A new study led by North Carolina State University has found that ants do not adjust their behavior in response to warmer temperatures and tend to persist in sub-optimal microhabitats even when optimal ones are available. These findings suggest that ants may not be able to adjust their behavior in response to climate change.
Ants are ectotherms – animals whose body temperature depends upon the environment. Although such animals experience a variety of temperatures in their lives, most of them prefer habitats that are slightly cooler than the optimal functioning temperature in which an ectothermic animal is able to best perform its life functions. Usually, if an ectotherm encounters an environment warmer than the optimal point, it risks approaching the lethal end of its physiology’s spectrum.
Until recently, little has been known about how – and if – insect ectotherms will adjust their behavior to avoid warmer yet sublethal temperatures in which functioning is possible but not optimal. Now, experts have counted and collected specimens from five different species of ants common in North Carolina and measured air temperatures at the collection sites, as well as the body temperature of the ants themselves. To determine each species’ preferred temperature, they collected some ants and placed them in a rectangular chamber with a controlled temperature gradient.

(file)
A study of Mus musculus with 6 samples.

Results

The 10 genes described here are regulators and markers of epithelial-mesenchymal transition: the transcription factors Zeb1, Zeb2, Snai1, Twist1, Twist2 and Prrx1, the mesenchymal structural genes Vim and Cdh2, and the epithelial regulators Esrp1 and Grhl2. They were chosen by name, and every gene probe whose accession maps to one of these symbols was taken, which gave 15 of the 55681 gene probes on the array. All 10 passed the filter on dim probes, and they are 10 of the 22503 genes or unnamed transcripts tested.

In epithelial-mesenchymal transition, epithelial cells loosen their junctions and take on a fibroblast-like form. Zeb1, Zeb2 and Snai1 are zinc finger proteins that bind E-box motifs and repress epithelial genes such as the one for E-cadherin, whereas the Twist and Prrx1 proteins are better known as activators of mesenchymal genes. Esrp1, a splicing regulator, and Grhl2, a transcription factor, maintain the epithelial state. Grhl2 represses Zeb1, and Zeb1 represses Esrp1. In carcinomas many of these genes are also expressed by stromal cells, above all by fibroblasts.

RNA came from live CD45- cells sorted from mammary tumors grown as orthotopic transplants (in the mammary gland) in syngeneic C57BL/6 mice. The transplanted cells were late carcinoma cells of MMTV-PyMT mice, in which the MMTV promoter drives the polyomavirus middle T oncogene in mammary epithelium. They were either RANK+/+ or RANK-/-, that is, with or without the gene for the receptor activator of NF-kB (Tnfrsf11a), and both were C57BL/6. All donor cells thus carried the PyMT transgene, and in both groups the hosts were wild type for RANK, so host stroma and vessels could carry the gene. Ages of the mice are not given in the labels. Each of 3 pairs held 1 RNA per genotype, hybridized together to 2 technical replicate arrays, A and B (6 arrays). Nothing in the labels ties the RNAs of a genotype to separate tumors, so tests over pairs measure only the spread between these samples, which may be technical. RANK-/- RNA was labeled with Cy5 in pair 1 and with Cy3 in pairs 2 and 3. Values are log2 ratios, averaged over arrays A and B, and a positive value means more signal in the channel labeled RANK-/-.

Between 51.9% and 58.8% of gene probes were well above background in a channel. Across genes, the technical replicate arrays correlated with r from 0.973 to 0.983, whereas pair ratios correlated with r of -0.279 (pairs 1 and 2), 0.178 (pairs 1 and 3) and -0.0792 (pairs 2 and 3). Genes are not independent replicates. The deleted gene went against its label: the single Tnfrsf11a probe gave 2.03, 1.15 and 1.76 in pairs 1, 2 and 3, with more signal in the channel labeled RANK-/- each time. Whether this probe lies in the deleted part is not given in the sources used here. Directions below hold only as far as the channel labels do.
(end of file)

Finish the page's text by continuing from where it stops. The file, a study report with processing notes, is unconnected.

The analysis revealed that, while ants in the laboratory did have distinct thermal preferences, those in the wild were active in their preferred climates only slightly more often than expected by chance. In fact, most species were collected from warmer than optimal sites, thus suggesting a lack of awareness or some type of limitation in their capacity to adjust to rising temperatures.
“It’s interesting that the worker ants we observed were willing to put themselves in uncomfortable situations while foraging,” said study co-author Sara Prado, a research associate in Zoology at NC State. “I wonder if the food was ‘profitable’ enough for the ants to stretch their comfort levels, or if they are simply willing to sacrifice their well-being for the sake of the colony.”
“Warmer times and places make warmer ants, and they’re not adjusting their activity to match their preferred conditions,” added co-author Elsa Youngsteadt, a professor of Applied Ecology at the same university. “For now, this may be a tradeoff that works out fine for them. But if you think of the huge biomass of ants underfoot, their metabolic rates are all creeping upward as the climate changes. Even if it doesn’t kill them outright, what does that amped-up metabolism mean for their life cycle and even the whole forest ecosystem?”
In future research, the scientists aim to address these questions in the case of urban ants, which are currently living in even warmer temperatures.
The study is published in the Journal of Animal Ecology.
Check us out on EarthSnap, a free app brought to you by Eric Ralls and Earth.com.